The Last Jar of Honey, by Tasha Halpert

Pink and white flowers  I don’t remember exactly when we met; it was between fifteen and twenty years ago. What I do remember is her smile. She never failed to greet me with it–that and a wonderful warm hug. Her name was Santina Crawford. I called her the Honey Lady because that was what I bought from her, delicious local honey from the bees her husband Howard tended so well that he won prizes every year at various fairs and exhibitions. He even proudly showed me articles that were written about him in the local papers.

I brought her all my glass containers and never failed to leave without a variety of different sized jars of honey both for us to enjoy and to give away. She and her husband also sold apples. Their farm with the apple orchard and the hives is in a densely commercial area just off highway 495 in Franklin. When I first met Santina and Howard they were well along in years, and I used to worry that they’d retire and the farm would get gobbled up by a developer. As time went by, each time I would visit I would relieved that the little sign reading “Akin Bak Farm, Honey” was still there on the pole by their driveway.

Once completely rural, the land around the farm now teems with businesses. Heavy traffic zooms past on 146 at a steady rate. Several years ago her grandson, a Cornell graduate, came to help. He revived the apple business, which Howard, because of his accumulation of years could no longer manage. He even built and began a farm stand not only for the apples, but also the produce and eggs from the chickens he and his wife began to raise on the farm. Then several years ago when I visited, with tears in her eyes, Santina told me that Howard had passed away. Santina kept on handling the honey, however, her son no longer wanted my glass jars.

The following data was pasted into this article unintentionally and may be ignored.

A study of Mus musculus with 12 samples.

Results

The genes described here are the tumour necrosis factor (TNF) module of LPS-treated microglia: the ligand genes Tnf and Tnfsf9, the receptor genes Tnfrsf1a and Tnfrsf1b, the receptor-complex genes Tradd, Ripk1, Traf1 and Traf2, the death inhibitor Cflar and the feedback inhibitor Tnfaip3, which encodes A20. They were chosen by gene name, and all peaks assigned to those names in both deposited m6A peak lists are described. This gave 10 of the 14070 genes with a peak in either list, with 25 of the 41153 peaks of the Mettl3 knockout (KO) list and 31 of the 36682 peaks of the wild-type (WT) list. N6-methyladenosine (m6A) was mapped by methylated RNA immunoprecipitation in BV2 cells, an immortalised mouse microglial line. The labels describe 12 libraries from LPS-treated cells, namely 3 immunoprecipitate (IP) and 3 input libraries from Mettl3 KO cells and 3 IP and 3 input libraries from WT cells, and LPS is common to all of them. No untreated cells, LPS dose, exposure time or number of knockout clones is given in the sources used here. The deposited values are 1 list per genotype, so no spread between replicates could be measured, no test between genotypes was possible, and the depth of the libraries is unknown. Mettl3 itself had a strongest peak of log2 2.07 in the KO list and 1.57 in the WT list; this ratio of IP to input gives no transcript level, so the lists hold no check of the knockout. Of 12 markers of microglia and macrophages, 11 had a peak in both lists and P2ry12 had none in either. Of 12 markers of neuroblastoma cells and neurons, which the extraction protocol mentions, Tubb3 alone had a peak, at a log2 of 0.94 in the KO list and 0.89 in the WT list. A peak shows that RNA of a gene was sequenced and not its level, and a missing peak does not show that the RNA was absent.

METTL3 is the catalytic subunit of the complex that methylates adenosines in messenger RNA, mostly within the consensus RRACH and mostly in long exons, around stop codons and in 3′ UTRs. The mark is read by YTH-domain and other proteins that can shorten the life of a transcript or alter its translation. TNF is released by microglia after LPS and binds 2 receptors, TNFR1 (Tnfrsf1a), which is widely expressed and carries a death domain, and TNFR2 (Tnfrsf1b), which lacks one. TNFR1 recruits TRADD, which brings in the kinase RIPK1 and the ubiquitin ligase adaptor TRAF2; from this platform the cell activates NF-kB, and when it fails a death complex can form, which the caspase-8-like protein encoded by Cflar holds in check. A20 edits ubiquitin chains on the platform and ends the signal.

During my many visits over the years we would sit and chat together in her kitchen. She shared much of her background with me. Part of a large family, she grew up on the farm where she eventually lived with her husband. While she was growing up, she and her siblings worked in people’s homes and on the farm. Every year I brought home quantities of their apples, some of them heirloom varieties, all of them special. I also brought many of my friends to meet my honey lady and to purchase jars for themselves.

When I called this fall to see the best day to get some honey from my friend I was told she had passed on in August. I was shocked and saddened. If only I had gone to see her sooner! I have only one large jar left from what I didn’t know was my last visit. It is nearly finished. I hoard the special crystals of sweetness that remain. One day the last of them will be gone. Still I will enjoy thinking of her, of our conversations and most of all her tender hugs. And although the last of the honey will eventually be gone, my heart will always hold the memory of her warm and radiant smile.